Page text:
The Carletonian

The Carletonian

Cautious optimism for 2018

<s eleven, and politics were fun. It was a presidential election year and I was loving every minute of it. When my mom watched debates on TV, I thought, “one of these people will be the president,” and the thought made me feel happy and proud of our democracy. The word “president” itself was lofty and impressive to fifth-grade me, evoking elementary-school picture books about the life of Abraham Lincoln and the story of George Washington and the cherry tree.

One day that year, I came home from school to tell my mother that my social studies teacher had given us an interesting homework assignment. We had to talk to an adult, any adult, about the election. “Hop in the car,” my mom said.

With my younger brother and me in tow, my mom drove into downtown Baltimore, parking outside the 1st Mariner Arena and making our way through the crowds of busy Baltimore residents who had made time in their day to come and listen to Barack Obama speak.
We were so high up that the then-Senator was shorter than my thumb, but it’s a moment that has stuck with me, years later. I’d like to think I have a better and more nuanced opinion of Obama’s politics now than I did as a fifth-grader, but back then as now, he was a great speaker. “Yes we can!” was ringing in my ears for the entire car ride home.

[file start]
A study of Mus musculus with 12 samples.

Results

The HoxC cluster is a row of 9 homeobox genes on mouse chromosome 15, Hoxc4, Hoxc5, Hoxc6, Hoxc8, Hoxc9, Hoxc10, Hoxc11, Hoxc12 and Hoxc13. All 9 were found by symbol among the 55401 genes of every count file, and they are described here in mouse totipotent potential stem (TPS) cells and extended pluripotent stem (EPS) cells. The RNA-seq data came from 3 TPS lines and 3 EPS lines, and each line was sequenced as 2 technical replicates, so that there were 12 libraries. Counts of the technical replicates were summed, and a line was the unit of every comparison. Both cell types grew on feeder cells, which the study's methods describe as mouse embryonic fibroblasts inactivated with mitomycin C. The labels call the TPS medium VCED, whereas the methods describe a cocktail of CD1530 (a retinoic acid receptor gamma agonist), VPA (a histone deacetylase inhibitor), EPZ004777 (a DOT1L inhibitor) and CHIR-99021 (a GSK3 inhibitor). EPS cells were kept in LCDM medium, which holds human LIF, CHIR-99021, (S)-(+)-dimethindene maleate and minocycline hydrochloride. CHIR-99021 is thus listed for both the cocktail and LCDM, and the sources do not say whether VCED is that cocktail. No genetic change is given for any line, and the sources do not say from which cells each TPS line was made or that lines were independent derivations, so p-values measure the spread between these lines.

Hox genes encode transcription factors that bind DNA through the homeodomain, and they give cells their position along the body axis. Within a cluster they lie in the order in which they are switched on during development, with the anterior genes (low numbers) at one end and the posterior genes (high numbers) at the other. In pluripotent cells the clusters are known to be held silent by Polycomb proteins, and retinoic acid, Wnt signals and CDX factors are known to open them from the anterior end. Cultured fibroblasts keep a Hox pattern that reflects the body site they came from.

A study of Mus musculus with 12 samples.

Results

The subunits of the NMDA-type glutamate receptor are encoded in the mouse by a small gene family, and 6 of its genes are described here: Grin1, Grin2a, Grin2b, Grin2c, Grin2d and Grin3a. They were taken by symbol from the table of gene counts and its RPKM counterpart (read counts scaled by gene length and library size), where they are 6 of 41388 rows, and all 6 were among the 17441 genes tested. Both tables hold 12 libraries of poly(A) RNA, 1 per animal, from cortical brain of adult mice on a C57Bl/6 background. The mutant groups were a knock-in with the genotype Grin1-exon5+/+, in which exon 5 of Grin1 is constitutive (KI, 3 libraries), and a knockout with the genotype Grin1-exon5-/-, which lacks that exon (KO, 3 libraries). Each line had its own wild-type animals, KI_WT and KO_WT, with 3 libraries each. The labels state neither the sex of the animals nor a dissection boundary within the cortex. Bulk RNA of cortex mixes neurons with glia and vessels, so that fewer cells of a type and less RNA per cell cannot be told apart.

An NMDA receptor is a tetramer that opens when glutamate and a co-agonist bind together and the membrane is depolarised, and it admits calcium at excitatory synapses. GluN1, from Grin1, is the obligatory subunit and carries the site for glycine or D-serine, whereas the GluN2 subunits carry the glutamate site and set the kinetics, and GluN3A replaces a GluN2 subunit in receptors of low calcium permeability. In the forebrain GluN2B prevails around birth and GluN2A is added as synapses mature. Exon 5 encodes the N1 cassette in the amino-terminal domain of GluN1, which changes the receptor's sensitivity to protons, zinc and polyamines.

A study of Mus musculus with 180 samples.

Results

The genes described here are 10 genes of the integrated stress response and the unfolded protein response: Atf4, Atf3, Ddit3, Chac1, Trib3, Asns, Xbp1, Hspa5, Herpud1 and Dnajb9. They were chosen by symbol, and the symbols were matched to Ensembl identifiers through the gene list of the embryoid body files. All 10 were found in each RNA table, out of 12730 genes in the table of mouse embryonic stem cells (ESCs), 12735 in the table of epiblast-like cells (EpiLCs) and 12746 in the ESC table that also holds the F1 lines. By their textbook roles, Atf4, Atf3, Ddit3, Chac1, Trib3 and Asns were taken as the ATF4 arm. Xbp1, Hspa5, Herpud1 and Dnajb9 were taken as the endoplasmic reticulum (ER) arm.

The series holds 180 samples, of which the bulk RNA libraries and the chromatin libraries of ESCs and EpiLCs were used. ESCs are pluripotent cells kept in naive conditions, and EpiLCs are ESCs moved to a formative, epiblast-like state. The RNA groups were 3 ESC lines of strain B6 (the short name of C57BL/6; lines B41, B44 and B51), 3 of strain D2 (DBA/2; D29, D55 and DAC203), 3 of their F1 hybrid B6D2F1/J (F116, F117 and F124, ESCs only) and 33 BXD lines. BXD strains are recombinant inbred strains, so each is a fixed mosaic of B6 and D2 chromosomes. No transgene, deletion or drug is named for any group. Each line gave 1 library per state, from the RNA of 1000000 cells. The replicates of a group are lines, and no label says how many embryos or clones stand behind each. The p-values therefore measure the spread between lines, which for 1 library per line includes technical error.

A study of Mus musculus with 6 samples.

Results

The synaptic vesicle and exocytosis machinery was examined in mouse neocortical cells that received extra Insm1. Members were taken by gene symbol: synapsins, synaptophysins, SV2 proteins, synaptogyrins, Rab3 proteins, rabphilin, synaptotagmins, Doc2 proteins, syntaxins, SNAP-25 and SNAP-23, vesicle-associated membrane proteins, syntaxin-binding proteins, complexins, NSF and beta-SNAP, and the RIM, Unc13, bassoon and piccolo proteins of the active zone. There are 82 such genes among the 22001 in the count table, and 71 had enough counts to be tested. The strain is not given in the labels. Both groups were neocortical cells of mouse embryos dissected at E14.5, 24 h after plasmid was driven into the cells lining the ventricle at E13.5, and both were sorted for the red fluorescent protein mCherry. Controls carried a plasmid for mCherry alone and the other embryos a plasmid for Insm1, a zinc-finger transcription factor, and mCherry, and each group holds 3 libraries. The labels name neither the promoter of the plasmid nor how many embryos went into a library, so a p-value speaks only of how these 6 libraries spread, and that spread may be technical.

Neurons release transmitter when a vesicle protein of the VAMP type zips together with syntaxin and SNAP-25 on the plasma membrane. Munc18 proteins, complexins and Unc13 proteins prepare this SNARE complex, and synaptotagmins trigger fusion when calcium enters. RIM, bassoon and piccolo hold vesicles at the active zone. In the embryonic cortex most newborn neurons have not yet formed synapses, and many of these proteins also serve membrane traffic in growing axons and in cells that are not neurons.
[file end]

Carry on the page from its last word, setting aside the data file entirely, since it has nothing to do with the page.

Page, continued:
Now, it’s different. Sure, I’m older, more aware, more cynical. Maybe that would have been the case even if the country had elected a different president in 2016. But I can’t answer for what I would be like in hypothetical situations. All I know is the real one.

In 2008, the candidate for the president of the United States was a respectable human being. In 2018, the president of the United States is misogynist and racist. In 2008, I used to beg my mom to talk to me about politics; it was a fun way to feel like a grown-up. In 2018, having conversations about politics gives me headaches, and now it’s more important and necessary than fun. In 2008, listening to Obama speak gave me a thrill and a sense of belonging. In 2018, I try to avoid listening to Trump speak, preferring to read about what he says. In 2008, I loved my current events assignments in social studies class. In 2018, I still keep up with politics and news on a daily basis, but out of a sense of necessity and urgency, not out of pleasure. In 2008, politicians served the people. In 2018, I have lost faith in all of them.

This sounds fairly pessimistic, and I am not usually a pessimistic person. It’s true that I have lost all faith in politicians. But I haven’t lost all faith in humanity. In 2018, despite everything that’s happened recently, I still think that most people are generally good at heart. And I think that the will to turn the tide of recent politics will come, and is coming, from ordinary people, not from anybody sitting in an office on Capitol Hill. Sure, maybe there are some politicians I agree with more than others, and I’m hopeful for Democratic victories in the midterm elections. But there’s no one in government who represents my beliefs as much as people in my real life do.

They prove that it is action, more than optimism, that will make change. I’ve never been more disillusioned about Congress, but I’ve also never been more proud of and inspired by people around me. As long as there are still social studies teachers who get eleven-year-olds interested in the world and moms who take their daughters to see future presidents speak, my political outlook for 2018 is—despite everything—optimistic.